A MEDOWIE mother has called for the meningococcal B vaccine to be added to the routine vaccination schedule after almost losing her 11-month-old daughter to the disease.
The woman, who did not want herself or her family identified, said her youngest child - who has since turned one - had been "happy and bubbly,'' despite having a cold in July.
But her symptoms became much worse, and quite suddenly. The little girl came down with a fever and what appeared to be a heat rash.
"We noticed the rash changing colour within an hour or so," the mother said.
"It started to darken, and when we pressed on one of the spots, it wouldn't disappear - so we knew there was something wrong."
She was taken to John Hunter Hospital, where she was given antibiotics to start treatment for meningococcal. It was later revealed to be the B-strain of the disease - the only strain not currently covered by the National Immunisation Program, and the same strain that recently claimed the life of Quirindi toddler, Donald Peach.
So far this year, there have been five cases of meningococcal B in the Hunter New England region.
Four of those cases were diagnosed in July alone.
The little girl was flown to Westmead Children's Hospital in Sydney, where she improved "day by day", before being transferred back to John Hunter.
"If it weren't for the dedicated staff, our little girl wouldn't be here right now," the mother said.
"My daughter was healthy. She had never had anything wrong with her. She had all her vaccinations up to date.
"It started as a simple cold, then a fever, feeling unwell, and then a rash.
"If you think there's something wrong with your kids, go with your gut feeling, and take them to get checked.
"It's better to be safe than sorry. It's a horrible feeling to think your baby will never come home again. It's scary as hell to go through this. I'd never wish this on anyone."
She said the B-strain vaccine should be funded "for everyone".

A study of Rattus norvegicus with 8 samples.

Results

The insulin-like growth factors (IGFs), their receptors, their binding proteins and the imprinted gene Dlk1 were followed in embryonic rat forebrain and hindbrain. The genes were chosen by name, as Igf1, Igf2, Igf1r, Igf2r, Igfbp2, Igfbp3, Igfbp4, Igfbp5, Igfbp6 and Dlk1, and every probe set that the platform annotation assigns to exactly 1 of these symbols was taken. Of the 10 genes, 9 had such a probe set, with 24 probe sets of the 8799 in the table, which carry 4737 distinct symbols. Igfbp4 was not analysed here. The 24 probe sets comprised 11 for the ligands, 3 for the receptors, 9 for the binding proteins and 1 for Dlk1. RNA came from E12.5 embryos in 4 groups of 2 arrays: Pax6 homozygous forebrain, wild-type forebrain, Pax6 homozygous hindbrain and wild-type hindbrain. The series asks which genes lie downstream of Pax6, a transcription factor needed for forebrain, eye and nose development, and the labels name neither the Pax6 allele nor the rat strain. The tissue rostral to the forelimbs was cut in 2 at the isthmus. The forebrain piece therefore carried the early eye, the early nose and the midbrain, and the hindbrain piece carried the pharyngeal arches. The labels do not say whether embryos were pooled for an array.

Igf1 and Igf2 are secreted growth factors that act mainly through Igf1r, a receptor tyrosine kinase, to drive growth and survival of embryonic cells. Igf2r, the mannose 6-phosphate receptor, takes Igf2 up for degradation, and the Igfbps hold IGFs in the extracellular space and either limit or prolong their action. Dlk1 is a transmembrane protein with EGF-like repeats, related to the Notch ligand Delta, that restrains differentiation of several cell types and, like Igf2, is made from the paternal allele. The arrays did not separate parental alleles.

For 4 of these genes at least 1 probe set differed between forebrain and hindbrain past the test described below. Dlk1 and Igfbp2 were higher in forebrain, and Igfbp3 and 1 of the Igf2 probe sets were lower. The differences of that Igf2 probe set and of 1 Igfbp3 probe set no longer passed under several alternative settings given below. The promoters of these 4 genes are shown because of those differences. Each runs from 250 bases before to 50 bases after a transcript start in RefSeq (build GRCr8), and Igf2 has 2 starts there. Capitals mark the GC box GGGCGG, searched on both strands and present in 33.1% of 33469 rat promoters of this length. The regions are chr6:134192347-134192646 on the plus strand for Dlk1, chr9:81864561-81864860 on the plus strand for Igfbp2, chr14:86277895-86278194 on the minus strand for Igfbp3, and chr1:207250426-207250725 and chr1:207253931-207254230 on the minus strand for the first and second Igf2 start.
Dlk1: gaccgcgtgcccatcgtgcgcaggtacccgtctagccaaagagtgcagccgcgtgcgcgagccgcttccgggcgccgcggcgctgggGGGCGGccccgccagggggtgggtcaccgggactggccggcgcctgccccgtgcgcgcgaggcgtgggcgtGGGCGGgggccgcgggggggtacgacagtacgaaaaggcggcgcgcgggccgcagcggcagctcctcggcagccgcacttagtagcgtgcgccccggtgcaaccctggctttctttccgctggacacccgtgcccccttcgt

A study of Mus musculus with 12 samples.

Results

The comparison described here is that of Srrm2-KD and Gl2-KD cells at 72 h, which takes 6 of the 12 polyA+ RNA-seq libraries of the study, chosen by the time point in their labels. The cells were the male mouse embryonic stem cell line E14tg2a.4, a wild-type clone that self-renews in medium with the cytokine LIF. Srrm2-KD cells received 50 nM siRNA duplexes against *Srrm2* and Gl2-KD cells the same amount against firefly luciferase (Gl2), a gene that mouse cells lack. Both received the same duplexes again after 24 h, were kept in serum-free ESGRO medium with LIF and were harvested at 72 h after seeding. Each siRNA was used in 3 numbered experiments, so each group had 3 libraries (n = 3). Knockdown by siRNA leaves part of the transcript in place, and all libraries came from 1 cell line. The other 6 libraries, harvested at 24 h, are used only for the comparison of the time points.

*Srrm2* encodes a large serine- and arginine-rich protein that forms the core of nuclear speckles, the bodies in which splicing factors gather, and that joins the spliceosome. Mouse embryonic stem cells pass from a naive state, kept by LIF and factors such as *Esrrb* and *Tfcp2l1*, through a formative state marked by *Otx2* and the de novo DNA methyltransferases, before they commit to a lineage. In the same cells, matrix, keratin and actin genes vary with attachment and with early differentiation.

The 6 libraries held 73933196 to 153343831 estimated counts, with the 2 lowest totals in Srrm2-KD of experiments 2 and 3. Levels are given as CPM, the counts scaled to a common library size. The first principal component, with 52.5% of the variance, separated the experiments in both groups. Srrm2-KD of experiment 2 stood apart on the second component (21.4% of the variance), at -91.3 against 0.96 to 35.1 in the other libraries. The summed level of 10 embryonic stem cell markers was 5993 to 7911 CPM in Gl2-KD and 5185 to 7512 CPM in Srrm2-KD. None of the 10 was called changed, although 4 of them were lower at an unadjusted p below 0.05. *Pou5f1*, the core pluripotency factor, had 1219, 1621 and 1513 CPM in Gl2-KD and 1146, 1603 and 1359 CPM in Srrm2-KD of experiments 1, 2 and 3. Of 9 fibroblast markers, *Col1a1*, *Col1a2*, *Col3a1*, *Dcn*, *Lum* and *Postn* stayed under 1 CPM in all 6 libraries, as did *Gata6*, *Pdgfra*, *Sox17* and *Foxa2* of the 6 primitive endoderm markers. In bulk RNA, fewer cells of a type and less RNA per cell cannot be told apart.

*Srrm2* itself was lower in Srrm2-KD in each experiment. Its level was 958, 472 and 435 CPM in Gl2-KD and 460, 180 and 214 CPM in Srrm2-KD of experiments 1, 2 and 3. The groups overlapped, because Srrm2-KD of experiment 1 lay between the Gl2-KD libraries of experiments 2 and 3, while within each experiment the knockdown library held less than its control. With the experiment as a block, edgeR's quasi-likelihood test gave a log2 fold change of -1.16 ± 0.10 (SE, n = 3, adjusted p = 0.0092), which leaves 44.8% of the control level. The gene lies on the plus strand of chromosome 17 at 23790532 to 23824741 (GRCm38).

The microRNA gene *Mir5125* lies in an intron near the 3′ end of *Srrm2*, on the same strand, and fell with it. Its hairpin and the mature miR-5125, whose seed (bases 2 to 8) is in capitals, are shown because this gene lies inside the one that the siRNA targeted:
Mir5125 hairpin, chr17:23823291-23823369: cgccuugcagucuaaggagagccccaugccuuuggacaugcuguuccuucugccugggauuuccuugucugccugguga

"Something has to be done about this, sooner rather than later," she said.
"We are so grateful she is still here with us."
Since July 2017, the vaccine for meningococcal strains A, C, W and Y has been added to the National Immunisation Program.
Meningococcal B is the most prevalent strain of the disease in Australia, but the Pharmaceutical Benefits Advisory Committee (PBAC) has rejected three attempts to add the vaccine to the schedule.
Emma Oswell, a practice manager at a Hunter medical centre, said she was responsible for ordering all of the vaccines, and had noticed a "big increase" in patients asking for the meningococcal B vaccine, Bexsero - which typically costs between about $115 and $130.
"I would say it has gone from zero to at least 20 requests a week, depending what has been on the news," she said. "But we would order the vaccine and sell it at cost price, just to service the community, and I think word got around a little bit.
"But we did notice a substantial increase."
Ms Oswell said she had paid for all of her children to get all of the meningococcal vaccines.
"With the meningococcal B vaccine, you need at least two - depending on the age of the child. At $115 for each vaccine, for three kids, it cost me nearly $700. And that was at cost price," she said.
"But the cost is nothing in comparison to the peace of mind it gives you.
"The B strain vaccine is something that should be on the schedule."
Local nurses who spoke to the Newcastle Herald said while they had not necessarily noticed a huge increase in the number of people requesting the vaccine, they all agreed it should "absolutely" be added to the schedule.
They said some practices had made a point of promoting the vaccine more in the past 12-to-18 months after a spike in cases.
Karen Walsh, a registered nurse from Port Stephens, said cost was the "biggest factor" for patients.
"You have to have at least two vaccinations for the B strain, and sometimes a third, depending on age. So it's a huge cost. If you have a family of four, on a normal income, it can become a real issue," she said.
"I worked in the John Hunter emergency department for 25 years, and I have seen meningococcal in kids, and adults. I think it should be given to everyone."
Eliza Ault-Connell, the director of Meningococcal Australia, said Federal Health Minister Greg Hunt has said if PBAC gave Bexsero the "green light," he would add it to the schedule.
"Bexsero has now been considered three times under PBAC, and each time it hasn't come back with a positive outcome," she said. "They are not safety reasons. It comes down to cost, unfortunately. That is really disappointing - and difficult - for parents who have gone through the disease with their children, to hear that their child's life isn't being considered valuable enough to prevent the disease in the first place."
Ms Ault-Connell said it was a safe and effective vaccination, and the best way to prevent meningococcal B disease. Bexsero would be considered by PBAC again later this year.
"When the UK implemented this vaccination program back in 2015, they saw a dramatic drop - and I mean a dramatic drop - in meningococcal B cases. We are dropping the ball here," she said.
"Unfortunately, some parents are simply not aware that the NIP vaccines don't fully and adequately protect their child against all strains.
"They are protected against four other strains, but not the most prevalent strain. It doesn't seem right."